Monday, July 10, 2006

Gdrive: codename Platypus

Gdrive, a Web-based hard drive application from Google, has been rumored for some time. Enterprising sleuths seem to have found some interesting tidbits -- looks like client software that syncs with a distributed storage network. I can't wait for mine! (Although, do you want all your files searchable by Google?)

This is what was on the page just some hours ago (the page isn’t active anymore, but Corsin made a backup):

Platypus (Gdrive)

A filer for the world. But better.

Storing your files in Platypus has a number of advantages over storing your files on either your C: drive or filer.

Backup. If you lose your computer, grab a new one and reinstall Platypus. Your files will be on your new machine in minutes.

Sync. Keep all your machines synchronized, even if they run different operating systems.

VPN-less access. Not at a Google computer? View your files on the web at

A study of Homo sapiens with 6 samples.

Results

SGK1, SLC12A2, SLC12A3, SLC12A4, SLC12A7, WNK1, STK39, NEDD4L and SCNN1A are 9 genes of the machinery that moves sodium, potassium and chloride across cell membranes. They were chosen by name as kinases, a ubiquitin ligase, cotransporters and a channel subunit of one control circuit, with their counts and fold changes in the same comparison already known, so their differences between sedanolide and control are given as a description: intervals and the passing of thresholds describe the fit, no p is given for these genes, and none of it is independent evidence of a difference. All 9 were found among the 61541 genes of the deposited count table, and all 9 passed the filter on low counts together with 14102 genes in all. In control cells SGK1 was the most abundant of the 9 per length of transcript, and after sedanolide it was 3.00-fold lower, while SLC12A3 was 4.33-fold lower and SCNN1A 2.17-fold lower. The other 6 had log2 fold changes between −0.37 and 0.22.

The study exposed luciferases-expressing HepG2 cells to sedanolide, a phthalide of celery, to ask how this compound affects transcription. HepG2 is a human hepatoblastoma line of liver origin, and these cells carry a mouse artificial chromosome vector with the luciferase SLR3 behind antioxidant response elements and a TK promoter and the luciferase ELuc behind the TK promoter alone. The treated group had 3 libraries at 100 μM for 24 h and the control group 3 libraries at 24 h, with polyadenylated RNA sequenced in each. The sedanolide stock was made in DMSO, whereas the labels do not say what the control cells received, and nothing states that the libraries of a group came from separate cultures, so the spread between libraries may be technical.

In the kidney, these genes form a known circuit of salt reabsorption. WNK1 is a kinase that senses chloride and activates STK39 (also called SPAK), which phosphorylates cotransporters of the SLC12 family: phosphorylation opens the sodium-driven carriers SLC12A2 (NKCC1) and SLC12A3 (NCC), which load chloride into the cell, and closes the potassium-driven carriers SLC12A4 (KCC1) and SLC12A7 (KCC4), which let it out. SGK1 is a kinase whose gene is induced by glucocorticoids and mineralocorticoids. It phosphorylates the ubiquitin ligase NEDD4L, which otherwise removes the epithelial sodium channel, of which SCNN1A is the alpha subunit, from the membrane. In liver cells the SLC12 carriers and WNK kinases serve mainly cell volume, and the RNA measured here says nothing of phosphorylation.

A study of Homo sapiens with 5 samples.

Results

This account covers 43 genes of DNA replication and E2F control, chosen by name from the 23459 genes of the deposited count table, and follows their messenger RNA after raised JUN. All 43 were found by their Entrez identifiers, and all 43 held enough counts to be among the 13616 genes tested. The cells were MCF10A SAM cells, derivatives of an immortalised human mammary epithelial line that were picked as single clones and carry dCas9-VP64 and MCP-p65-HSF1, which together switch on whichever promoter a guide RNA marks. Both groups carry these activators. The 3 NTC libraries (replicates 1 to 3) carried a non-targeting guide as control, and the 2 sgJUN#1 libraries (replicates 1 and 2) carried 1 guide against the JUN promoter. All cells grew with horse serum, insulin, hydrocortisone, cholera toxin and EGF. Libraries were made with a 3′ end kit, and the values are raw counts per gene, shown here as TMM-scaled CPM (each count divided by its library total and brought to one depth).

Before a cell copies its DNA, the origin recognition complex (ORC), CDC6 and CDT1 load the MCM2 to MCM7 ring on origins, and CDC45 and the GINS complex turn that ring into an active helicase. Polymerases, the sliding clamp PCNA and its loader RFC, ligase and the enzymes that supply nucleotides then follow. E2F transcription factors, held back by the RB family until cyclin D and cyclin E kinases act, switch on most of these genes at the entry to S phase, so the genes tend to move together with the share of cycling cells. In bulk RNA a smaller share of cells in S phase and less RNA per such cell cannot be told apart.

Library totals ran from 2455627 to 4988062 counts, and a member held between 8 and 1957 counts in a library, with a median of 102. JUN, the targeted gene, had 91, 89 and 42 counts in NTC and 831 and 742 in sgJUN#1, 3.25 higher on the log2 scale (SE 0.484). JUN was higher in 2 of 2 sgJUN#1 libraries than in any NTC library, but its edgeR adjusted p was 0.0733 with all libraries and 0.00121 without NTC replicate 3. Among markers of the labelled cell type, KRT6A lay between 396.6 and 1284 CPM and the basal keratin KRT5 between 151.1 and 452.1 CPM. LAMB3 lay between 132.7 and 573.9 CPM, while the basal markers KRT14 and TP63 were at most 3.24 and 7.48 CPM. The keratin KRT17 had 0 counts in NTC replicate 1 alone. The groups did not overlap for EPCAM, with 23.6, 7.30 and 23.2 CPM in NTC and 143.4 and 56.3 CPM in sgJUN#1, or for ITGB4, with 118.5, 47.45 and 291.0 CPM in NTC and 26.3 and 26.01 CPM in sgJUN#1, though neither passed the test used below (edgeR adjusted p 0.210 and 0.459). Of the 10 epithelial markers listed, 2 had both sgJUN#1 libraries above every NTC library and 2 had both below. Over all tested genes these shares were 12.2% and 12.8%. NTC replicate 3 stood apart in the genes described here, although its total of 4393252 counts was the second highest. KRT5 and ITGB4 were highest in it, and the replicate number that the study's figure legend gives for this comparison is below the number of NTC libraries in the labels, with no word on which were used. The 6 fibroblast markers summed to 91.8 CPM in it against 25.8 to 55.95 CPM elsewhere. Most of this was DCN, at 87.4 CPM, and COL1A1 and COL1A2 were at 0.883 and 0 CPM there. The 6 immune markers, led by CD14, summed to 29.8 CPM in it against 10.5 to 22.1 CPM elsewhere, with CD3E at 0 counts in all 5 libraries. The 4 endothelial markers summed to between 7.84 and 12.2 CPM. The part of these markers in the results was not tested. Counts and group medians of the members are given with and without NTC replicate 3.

Collaborate. Create shared spaces to which multiple Googlers can write.

Disconnected access. On the plane? VPN broken? All your files are still accessible.

The page also offers you to “find a new bug, get a free Platypus t-shirt!” and to browse a Platypus share with your username or group name. The Gdrive download is available for Windows, Mac and Linux. Within the page source, Google author Justin Rosenstein is listed (Justin was Product Manager for Google Page Creator). Also, a couple of feature listings are hidden as comments in the source:

Publish. All of the files you store on Platypus are automatically accessible from the (corporate) web.

Share. Other Googlers can mount your Platypus folders and open your files in read-only mode.

Collaborate. ... It also has advantages over storing your files in your filer or WWW directory

Local IO speeds. Open and save as quickly as you could if you were accessing them from your C: drive.

Can we say good-bye to traditional methods of saving files, accessing them, and creating backups?